Becky Wanta isn’t a typical chief information officer. She thrives on rescuing information technology departments in some of the most well-known brands in the United States.
“By the time I’m recruited into a company, it’s usually when the company is about ready to jettison their IT organization because it’s not adding value and it’s just costing them a lot of money,” Wanta says. “So it’s always exciting to me to turn around the hearts and minds of the team and really establish that firm partnership with the business.”
Wanta has led and transformed IT operations at MGM Resorts, Best Buy, PepsiCo, Southwest Airlines, Wells Fargo, The Money Store, and others. Her latest move brought her to the Pacific Compensation Insurance Company (PacificComp) in Thousand Oaks, California. That’s where CEO Jan Frank recruited her after the two worked together at the State Compensation Insurance Fund.
“I generally come in at the senior executive level, but you’re not guaranteed a seat at the table,” says Wanta, senior vice president and chief information officer at PacificComp. “I feel like I have to earn a seat every day, and so I take that really seriously.”
Wanta started career as an administrative assistant in the US Department of Defense (DoD) while attending college in the evenings. She had an interest in IT early in her career, since there wasn’t a great understanding of computers, which took up entire rooms in those days. She worked her way up to senior systems design engineer during her nearly decade-long tenure at the DoD.
The challenge of using IT to solve business problems compels Wanta, so she earned her MBA degree in management information systems. She also got an MBA in banking, inspired by her experience at Wells Fargo to pursue a career as a bank CEO.
But instead of focusing on banking, Wanta has made a career as a turnaround leader for IT organizations in varied industries. For example, she was recruited to Best Buy as CIO and also as part of the brain trust to figure out what consumer electronics would look like going forward. Wanta doesn’t stay put for long—about a year at Best Buy, four years at MGM, four years at PepsiCo, four years at Wells Fargo, and short stints at several other firms.
Ultimately, Wanta would like to run a line of business, an opportunity that hasn’t yet presented itself. “There has to be some immediate enough challenge to get my interest,” Wanta says. “I’m not interested in maintenance. I’m interested in making a difference and helping a business move forward.”
“Most people will hide behind the process, and then they don’t deliver. It’s all about quality delivery on time and within budget or ahead of budget.”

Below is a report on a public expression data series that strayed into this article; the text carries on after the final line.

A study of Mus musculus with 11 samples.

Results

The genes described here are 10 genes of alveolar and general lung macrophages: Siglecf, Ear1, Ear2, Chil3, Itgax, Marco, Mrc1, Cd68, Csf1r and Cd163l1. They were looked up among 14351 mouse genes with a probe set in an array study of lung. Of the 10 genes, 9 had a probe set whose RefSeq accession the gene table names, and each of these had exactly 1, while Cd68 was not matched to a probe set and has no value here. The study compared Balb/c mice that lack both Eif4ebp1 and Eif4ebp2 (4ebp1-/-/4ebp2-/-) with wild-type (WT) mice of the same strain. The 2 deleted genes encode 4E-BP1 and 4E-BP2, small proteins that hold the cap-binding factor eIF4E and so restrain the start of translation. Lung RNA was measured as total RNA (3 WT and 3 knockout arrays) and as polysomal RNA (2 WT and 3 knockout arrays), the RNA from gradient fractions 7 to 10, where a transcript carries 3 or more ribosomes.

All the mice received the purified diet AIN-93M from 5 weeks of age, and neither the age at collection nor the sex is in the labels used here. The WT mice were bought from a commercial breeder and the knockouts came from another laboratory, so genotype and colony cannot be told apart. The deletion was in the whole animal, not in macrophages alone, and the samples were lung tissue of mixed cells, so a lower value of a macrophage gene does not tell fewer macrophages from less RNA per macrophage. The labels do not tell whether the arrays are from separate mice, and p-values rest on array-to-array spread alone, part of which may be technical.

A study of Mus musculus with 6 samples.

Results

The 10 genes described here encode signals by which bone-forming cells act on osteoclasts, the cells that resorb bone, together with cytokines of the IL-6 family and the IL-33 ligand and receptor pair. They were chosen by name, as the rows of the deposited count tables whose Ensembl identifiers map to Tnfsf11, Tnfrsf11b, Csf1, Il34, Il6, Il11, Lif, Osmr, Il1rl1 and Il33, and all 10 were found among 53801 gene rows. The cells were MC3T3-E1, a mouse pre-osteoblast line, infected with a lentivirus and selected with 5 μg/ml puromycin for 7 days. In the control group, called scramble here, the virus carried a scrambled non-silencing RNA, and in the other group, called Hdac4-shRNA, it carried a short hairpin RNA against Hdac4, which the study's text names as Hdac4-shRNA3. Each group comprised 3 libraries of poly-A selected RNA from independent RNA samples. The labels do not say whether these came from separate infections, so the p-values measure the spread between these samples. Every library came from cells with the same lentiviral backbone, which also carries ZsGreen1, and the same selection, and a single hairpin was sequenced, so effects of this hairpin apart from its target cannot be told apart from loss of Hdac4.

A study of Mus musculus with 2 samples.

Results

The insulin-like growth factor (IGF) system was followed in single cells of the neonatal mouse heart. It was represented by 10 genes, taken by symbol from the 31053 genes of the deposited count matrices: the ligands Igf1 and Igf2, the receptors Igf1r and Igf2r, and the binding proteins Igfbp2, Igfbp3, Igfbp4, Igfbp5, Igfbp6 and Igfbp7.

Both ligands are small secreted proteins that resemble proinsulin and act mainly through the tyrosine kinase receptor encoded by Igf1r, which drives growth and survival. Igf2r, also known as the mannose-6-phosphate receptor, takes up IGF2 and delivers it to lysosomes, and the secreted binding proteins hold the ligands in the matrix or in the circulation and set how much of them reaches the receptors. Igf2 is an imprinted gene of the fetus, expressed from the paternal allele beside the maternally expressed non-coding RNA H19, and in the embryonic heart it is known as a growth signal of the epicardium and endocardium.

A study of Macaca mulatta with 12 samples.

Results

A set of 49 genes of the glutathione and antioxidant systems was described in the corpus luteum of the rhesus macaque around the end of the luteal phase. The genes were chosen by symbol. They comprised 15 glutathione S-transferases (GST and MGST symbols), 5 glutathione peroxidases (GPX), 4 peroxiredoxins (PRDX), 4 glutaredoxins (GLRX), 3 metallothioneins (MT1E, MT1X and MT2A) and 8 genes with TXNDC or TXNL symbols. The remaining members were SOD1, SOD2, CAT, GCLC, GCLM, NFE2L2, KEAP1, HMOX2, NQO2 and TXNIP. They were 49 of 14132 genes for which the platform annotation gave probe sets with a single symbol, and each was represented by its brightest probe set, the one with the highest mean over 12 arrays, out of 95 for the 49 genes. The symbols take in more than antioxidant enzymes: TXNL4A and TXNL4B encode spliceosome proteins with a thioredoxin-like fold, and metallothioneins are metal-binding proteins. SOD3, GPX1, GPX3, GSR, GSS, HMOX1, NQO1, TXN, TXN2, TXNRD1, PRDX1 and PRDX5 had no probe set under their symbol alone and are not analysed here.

In March 2015, Wanta joined PacificComp, which provides workers’ compensation insurance to California employers. With about 150 employees, it’s one of the smallest companies that has employed her. She leads a team of about twenty direct reports and many third-party service providers.
While the nuances may be different at a smaller company, the intent and outcomes are the same as her roles for larger corporations, Wanta says. She leads with a “walk the talk” mentality and stands behind her decisions while making her priorities clear. “I’m not a big process person,” Wanta says. “I’m more of a ‘just enough’ process. Most people will hide behind the process, and then they don’t deliver. It’s all about quality delivery on time and within budget or ahead of budget.”
The role of CIO is a serious opportunity that’s largely misunderstood, according to Wanta. Unfortunately, a lot of CIOs are not qualified, and that hurts the role’s image, she says. Some IT leaders hide behind technospeak and fail to translate how their work impacts the bottom line. “When you’re in a boardroom, you’re not talking about servers and backup routines, you’re talking about capabilities and strategies,” she says.
At PacificComp, she’s working on app development, bringing new capabilities and services through multiple channels, including mobile, Internet, customer-to-customer, and business-to-business. She is focused on leveraging IT as a strategic partner to advance the business. The company is looking to expand beyond California since its growth is limited if it continues as a monoline insurer in one state.
Wanta’s team is working on supporting the business of today while positioning it for the future. She says the team is examining all areas of the business to look at ways to streamline operations instead of the labor-intensive, nonintellectual, capital-based work. They’re retiring certain systems, consolidating others, and implementing more complete solutions that will allow PacificComp to scale up its operations to support its profitable growth agenda.